I'm sure people will pre-order this game the moment they know what it is you're trying to sell!
Alright smart guy, I have a serious question for you. Take a look at that advertisement to the right and tell me what it's for. I'm serious, temporarily stop reading this article and study the picture (I'll wait). Have you figured it out? Of course you haven't, because this advertisement is impossible to decipher. And I'm not just talking about the name, even the box art is a blurry mess of colors and pixels. Is that a dragon? A whirlpool? An autopsy? Who can even tell? Don't adjust your computer monitor; this really is the least effective internet commercial you will ever see.
If you've been spending your time on popular video game websites and blogs, then you've likely seen this baffling advertisement. I took this commercial straight from the Kotaku front page, however I've also seen it pop up on other similar sites. This is a flash animation that offers a glimpse of a far off castle and a scary dragon. Too add to the confusion, it states: "Combine
This clear as day image of the name pops on the screen for no more than two seconds!
fire and sword and embrace your fate as a dragon knight." Alright, that sounds cool and all, but what is it? And why are they switching between using an ampersand and typing out the full word? What's that about? Actually, just tell me what the game is and I'll be satisfied.
Now, before you ask, the advertisement does attempt to clue you into the product's name. As you can tell by the picture to the left, the game's logo is displayed in teeny tiny letters right next to a strange symbol that may or may not be part of the title. Take a look at it and see if you can figure out the name, because even after spending several minutes studying it, I didn't even come close to figuring it out. Can you do better?
In case you're wondering, the name of the game is Divinity II: Ego Draconis. Were you even close? I certainly wasn't. My guess was "Chivity II and Dragons." Sure that's wrong, but I was actually amazed at how close I was. To make matters worse, the actual name (in all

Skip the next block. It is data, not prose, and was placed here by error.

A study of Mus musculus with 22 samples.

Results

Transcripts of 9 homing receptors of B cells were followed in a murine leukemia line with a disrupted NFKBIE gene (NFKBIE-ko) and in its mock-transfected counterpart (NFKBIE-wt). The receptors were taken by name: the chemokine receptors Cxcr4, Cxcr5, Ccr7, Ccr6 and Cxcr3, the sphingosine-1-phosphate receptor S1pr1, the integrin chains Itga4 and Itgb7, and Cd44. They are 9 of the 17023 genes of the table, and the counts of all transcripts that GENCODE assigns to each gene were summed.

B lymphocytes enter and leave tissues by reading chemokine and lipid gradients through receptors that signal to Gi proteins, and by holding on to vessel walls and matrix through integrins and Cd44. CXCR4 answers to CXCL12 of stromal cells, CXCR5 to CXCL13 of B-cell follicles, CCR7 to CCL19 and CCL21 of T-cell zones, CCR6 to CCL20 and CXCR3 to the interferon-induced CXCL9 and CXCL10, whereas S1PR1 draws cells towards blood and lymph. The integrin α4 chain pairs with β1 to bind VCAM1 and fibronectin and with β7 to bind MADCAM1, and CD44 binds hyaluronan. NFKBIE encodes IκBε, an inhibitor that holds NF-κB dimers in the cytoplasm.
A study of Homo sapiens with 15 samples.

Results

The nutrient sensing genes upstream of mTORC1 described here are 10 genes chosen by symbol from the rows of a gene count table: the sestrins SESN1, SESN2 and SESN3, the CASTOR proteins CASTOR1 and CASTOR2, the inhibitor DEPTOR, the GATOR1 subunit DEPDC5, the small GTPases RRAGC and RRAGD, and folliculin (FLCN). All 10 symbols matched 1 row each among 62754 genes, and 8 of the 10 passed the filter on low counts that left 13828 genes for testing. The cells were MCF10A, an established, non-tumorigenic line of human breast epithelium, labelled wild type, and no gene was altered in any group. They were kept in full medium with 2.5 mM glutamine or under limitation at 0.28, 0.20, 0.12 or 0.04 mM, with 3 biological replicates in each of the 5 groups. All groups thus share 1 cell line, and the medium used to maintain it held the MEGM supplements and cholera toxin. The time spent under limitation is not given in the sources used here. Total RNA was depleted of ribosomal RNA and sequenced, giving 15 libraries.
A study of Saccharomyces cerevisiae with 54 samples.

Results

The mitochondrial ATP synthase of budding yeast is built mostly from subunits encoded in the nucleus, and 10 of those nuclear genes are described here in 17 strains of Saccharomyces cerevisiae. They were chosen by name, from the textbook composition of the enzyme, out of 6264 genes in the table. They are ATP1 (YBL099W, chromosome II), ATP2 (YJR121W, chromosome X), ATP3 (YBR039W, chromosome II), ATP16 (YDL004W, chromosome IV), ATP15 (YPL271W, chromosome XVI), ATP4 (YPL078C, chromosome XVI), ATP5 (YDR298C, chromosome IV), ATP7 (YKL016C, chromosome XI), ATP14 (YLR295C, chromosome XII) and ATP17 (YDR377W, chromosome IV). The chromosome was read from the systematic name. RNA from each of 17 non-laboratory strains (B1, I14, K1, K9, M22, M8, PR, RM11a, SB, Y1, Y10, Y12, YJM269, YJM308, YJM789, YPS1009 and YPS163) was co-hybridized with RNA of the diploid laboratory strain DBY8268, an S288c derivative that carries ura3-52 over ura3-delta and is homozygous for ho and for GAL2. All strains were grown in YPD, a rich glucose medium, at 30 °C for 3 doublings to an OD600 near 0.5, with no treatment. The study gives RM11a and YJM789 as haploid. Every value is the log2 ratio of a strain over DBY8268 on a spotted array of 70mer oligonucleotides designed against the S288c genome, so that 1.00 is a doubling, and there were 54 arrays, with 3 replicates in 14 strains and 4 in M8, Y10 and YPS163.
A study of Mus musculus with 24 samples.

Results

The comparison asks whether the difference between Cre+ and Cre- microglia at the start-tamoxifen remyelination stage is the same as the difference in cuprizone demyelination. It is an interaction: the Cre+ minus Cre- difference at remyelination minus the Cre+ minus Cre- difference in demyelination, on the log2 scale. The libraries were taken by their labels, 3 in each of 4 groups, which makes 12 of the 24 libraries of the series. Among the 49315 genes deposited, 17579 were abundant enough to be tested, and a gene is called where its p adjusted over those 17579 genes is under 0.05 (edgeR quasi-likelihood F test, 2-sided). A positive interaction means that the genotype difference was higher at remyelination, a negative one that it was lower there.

As soon as somebody paints the rest of this guy's legs he's going to run away from the dragon!
its teeny tiny glory) stays on the page for around two seconds. No joke. The advert runs for 15 seconds and only two of those seconds are devoted to the name. That might be fine if you're selling Halo, Grand Theft Auto or some other big name game that is instantly recognizable, but Divinity II: Ego Draconis? It doesn't take Don Draper to know that this is some bad advertising.
It's not like the ad wizards behind this catastrophe had to go far to see the proper way to design a 15 second commercial. On the very page I found this abomination I also discovered commercials for Playlogic's Fairytale Fights and Valve's Left 4 Dead 2. As you can see by the pictures below, both Fairytale Fights and Left 4 Dead 2 offer large logos that are easy to read. What's more, they have iconic images that will remind you of the products they are trying to sell. By contrast, all Divinity II has is a drab background, a generic dragon (that isn't even facing us) and a castle. I would have guessed Castlevania well before thinking of Divinity II. Then again, I would have thought of the Care Bears, Barbie's Horse Adventure and The Orange Box before guessing Divinity II.
So, what exactly is Divinity II: Ego Draconis? According to the GameStop page the advertisement takes me to, it is the "sequel to the award-winning Divine Divinity and Beyond Divinity Role Playing Games." It's from Larian Studios, the Belgium-based software
Maybe if they used this cover art people would actually want to click on the advertisement!
house that developed two (yes, two) other Divinity games before this. This is their first Xbox 360 game, and their first game in five years. And did I mention that it's not coming out this year? That's right, it's not due to hit store shelves until the first week of January (right after everybody has spent all of their money on Christmas).
Then again, who knows how much of that information is accurate. After all, GameStop is notorious for getting release dates wrong and only getting half of their facts straight. At the bottom of the page there's a user preview that says that the game "looks relatively amazing" and that they can't wait to buy "one of Atari's greatest games yet." Wait ... Atari? Despite evidence to the contrary, GameStop says that the game is both developed and published by Atari. Regardless of who is right, that
Of course this advertisement sucks, but at least you know what it's selling!
doesn't change the fact that I had to click on the link in order to take me to a retail site who may or may not have the correct information.
I never thought I would say this, but if Divinity II wants to succeed they should take a cue from Evony. Evony is the painfully bad (and possibly illegal) MMO that is best known for spamming every single website on the internet with scantily clad women who may or may not have anything to do with a game nobody has ever actually played.
In the end I'm not expecting anybody to actually take my suggestions. I'm not somebody who works in an ad agency (I don't drink or smoke enough for that), but I do know that the product should be front and center with an easy to read name. If you can't even do that, then why bother making a commercial in the first place?